Hedge fund Third Point has built a large stake in Royal Dutch Shell. They called on the oil major to split into multiple companies. This is for increasing its performance. Billionaire investor Daniel Loeb’s New York-based firm, owns roughly $750 million in Shell. Shell’s market value is nearly $190 billion. Shell, faces mounting pressure from investors and governments. Loeb told that Shell has an incoherent set of strategies for its various oil, chemicals, trading and renewables businesses.
Shell is expected to report third-quarter results, confirmed it has had preliminary talks with Third Point. The statement says that it regularly reviews and evaluates the company’s strategy with a focus on generating shareholder value. Loeb’s letter did not say how many separate companies it wants Shell to form. They should consider separating its legacy energy business from its liquefied natural gas, renewables and trading businesses. Shell has too many competing stakeholders pushing it in too many different directions. Shell would benefit from a different structure that would let it cut costs and invest more in decarbonization.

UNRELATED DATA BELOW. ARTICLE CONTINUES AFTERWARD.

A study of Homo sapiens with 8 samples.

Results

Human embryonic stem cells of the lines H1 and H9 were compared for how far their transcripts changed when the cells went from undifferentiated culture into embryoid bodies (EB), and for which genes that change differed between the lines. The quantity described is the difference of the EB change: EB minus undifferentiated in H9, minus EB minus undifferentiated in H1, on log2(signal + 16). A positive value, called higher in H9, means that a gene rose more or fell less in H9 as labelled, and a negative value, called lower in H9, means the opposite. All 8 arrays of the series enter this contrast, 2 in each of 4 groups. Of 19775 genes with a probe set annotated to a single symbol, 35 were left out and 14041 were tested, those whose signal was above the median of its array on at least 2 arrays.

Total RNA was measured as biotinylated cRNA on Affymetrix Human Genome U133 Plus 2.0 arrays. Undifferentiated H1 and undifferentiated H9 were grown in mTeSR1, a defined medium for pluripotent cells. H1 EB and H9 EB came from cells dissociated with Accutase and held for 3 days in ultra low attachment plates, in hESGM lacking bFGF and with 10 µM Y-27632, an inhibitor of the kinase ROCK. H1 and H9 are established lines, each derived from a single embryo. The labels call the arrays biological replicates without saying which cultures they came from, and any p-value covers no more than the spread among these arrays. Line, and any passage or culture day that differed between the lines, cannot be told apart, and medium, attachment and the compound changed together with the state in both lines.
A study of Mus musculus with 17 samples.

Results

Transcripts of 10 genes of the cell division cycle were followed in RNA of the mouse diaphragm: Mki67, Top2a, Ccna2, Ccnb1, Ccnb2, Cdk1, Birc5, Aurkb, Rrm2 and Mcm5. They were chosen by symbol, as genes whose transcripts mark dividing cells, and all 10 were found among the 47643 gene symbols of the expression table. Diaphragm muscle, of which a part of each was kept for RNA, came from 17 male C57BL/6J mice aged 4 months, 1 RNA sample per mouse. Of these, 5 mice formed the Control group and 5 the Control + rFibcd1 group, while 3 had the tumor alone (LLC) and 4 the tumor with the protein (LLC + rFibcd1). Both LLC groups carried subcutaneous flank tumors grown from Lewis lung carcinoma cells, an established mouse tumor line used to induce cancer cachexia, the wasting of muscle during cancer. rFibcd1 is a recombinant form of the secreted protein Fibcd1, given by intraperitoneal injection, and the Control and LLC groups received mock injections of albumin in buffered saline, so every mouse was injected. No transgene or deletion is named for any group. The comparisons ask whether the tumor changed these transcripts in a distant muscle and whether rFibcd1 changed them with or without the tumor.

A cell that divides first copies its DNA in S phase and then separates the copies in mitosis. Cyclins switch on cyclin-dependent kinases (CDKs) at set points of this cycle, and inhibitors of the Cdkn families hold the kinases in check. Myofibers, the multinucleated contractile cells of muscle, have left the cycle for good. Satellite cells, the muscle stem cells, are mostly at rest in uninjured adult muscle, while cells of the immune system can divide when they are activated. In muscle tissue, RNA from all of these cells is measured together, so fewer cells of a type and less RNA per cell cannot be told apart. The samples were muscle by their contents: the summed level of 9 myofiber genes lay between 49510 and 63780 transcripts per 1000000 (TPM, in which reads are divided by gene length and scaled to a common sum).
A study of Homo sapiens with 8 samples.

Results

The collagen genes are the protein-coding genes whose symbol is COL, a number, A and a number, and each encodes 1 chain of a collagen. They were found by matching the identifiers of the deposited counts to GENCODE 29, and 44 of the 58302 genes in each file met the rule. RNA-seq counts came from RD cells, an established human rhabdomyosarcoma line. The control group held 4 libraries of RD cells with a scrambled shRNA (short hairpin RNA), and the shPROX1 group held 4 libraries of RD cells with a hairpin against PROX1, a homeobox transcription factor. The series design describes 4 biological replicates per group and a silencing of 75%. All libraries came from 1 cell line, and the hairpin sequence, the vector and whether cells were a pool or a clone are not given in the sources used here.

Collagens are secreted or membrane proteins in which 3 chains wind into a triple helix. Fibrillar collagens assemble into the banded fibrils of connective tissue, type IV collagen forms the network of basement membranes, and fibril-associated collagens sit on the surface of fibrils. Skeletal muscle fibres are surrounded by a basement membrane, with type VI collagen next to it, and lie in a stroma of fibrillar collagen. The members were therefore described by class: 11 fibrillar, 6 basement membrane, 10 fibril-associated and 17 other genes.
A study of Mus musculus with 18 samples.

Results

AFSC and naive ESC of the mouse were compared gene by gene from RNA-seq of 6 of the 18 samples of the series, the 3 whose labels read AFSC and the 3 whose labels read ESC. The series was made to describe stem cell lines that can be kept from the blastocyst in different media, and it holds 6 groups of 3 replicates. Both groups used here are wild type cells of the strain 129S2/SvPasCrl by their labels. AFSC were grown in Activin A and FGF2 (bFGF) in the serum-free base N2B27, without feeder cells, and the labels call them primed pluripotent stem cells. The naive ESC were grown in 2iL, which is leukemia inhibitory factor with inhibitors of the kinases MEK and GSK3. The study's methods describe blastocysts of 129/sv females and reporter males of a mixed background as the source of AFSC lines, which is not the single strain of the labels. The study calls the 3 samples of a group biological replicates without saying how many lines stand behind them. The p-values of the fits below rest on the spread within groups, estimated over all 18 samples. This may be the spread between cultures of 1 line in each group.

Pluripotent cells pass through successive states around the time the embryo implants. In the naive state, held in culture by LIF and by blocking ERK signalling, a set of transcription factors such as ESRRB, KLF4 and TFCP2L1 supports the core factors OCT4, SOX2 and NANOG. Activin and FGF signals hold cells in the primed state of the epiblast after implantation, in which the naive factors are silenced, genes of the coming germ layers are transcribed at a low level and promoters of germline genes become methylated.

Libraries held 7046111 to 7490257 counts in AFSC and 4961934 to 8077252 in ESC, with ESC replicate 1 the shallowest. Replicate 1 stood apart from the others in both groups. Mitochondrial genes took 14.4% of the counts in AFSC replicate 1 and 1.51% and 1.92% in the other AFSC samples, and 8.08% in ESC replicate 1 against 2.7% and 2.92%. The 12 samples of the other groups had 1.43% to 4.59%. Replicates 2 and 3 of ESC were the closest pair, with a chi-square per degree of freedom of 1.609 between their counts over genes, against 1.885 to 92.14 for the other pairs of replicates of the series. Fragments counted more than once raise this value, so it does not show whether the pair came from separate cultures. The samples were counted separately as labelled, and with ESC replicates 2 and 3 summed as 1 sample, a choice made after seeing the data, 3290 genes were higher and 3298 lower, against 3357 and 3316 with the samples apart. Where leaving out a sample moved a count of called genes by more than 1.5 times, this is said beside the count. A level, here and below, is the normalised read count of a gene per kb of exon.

Shell’s reported $5.53 billion from oil and natural gas, $1.3 billion from refining, trading and marketing, and $670 million from chemicals. Loeb said Shell’s last two decades have been difficult for shareholders with annualized returns of just 3%. The company’s American Depository Receipts rose 2.5%. Third Point’s focus on Shell comes amid broader investor scrutiny of Big Oil. Hedge fund Engine No. 1 took a $40 million position in Exxon Mobil and won three seats on its board this year. Third Point, which manages about $17 billion in assets, has previously pushed insurer Prudential Plc to break up and urged chip maker Intel Corp to explore separating its chip design from its semiconductor production.
The hedge fund has returned 29.5% in the first three quarters of 2021 and its Third Point Offshore Fund has returned an average 15.5%. Shell is the world’s biggest fossil fuel retailer. Smaller Shell rivals Eni and Repsol have already flagged plans to spin off parts of their renewable’s businesses.